American Horror Story – Season 1
Due to its unconventional style, American Horror Story is definitely the kind of show that will get anyone talking about it — either positively or negatively.
The pilot episode introduces the Harmon family — therapist Ben (McDermott), wife Vivien (Britton) and daughter Violet (Taissa Farmiga) — as they begin to settle into their new home and attempt to fix their strained relationships. But suddenly, their lives start to become a living hell. Not only do they have to deal with living in a haunted house packed with plenty of ghosts, but the house itself worsens the relationships between the Harmons.
At its core, the first season of American Horror Story feels like watching a soap opera with strokes of horror, tipping its hat towards the likes of Rosemary’s Baby, The Amityville Horror, and The Shining. However, the storytelling for Season 1 is very bipolar. The show ends up being lots of things at the same time: great and shitty, predictable and unpredictable, scary, comical, intriguing, boring, cliché, kinky, etc.
The show’s cast is mostly solid. Up-and-coming actors Evan Peters and Taissa Farmiga are good to watch thanks to their performances as troubled murderous teenager Tate and the Harmon’s depressed daughter Violet, respectively. Farmiga had the greatest scene of the season regarding a very important revelation about Violet’s stay at the house and played it to perfection. Connie Britton is alright as Ben’s wife, but her best moments take place when Britton works with Frances Conroy, who plays old Moira (the housekeeper) with nuance. Alexandra Breckenridge plays up the kinky factor with ease as young Moira, who only Ben can see — the rest of us get to see old Moira.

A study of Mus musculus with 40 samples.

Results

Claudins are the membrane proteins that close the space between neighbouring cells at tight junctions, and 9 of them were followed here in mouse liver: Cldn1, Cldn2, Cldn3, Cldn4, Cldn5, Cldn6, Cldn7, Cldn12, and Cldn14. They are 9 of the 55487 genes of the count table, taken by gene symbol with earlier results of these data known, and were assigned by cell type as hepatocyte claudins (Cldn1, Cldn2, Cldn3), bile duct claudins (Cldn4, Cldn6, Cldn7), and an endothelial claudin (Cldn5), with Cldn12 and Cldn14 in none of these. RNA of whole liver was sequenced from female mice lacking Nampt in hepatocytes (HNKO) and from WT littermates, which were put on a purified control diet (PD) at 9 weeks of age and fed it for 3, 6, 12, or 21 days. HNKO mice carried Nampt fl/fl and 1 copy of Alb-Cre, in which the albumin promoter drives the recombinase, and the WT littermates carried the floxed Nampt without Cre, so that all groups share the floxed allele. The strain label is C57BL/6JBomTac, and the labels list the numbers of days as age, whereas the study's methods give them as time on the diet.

As burn victim Larry, Denis O’Haire shines the most when he works alongside Jessica Lange, who makes Constance (the Harmon’s neighbor) deliciously evil to watch. Her overacting, campiness and cruelty come across as over-the-top yet restrained. Not only is Lange the best asset of American Horror Story, she’s the most amazing on the show, bringing out the best in everyone she interacts with. She is well-deserving of her Golden Globe nomination and should easily get an Emmy Award nomination.
Unfortunately, American Horror Story comes along with some big problems previously seen in other Ryan Murphy shows. First, the uneven writing present in Glee since its second season also affects American Horror Story. The writing team inserts many ghosts, which are more interesting than the Harmons thanks to their backstories. Second, the craziness and some of the “shock value” tactics used to scare the viewers are similar to Nip/Tuck in its best and worst moments.
Lastly, despite the house itself screwing the Harmons mentally, Dylan McDermott as Ben Harmon was pretty hard to watch. Not only was Ben heavily unlikeable and gets the Finn Hudson treatment, but he has to be one of the stupidest characters in the world for being a pyschiatrist. The only moment Ben is tolerable to watch is during the season finale; he’s an unintentional comedy act at best.
While it doesn’t boast the strong first season starts that Glee and Nip/Tuck had, American Horror Story achieves something Glee can’t do at the moment: it remains interesting to watch despite its flaws. I’d recommend watching the first season because of Jessica Lange’s performance alone. However, don’t get too attached to the characters because Season 2 will be an entirely different story.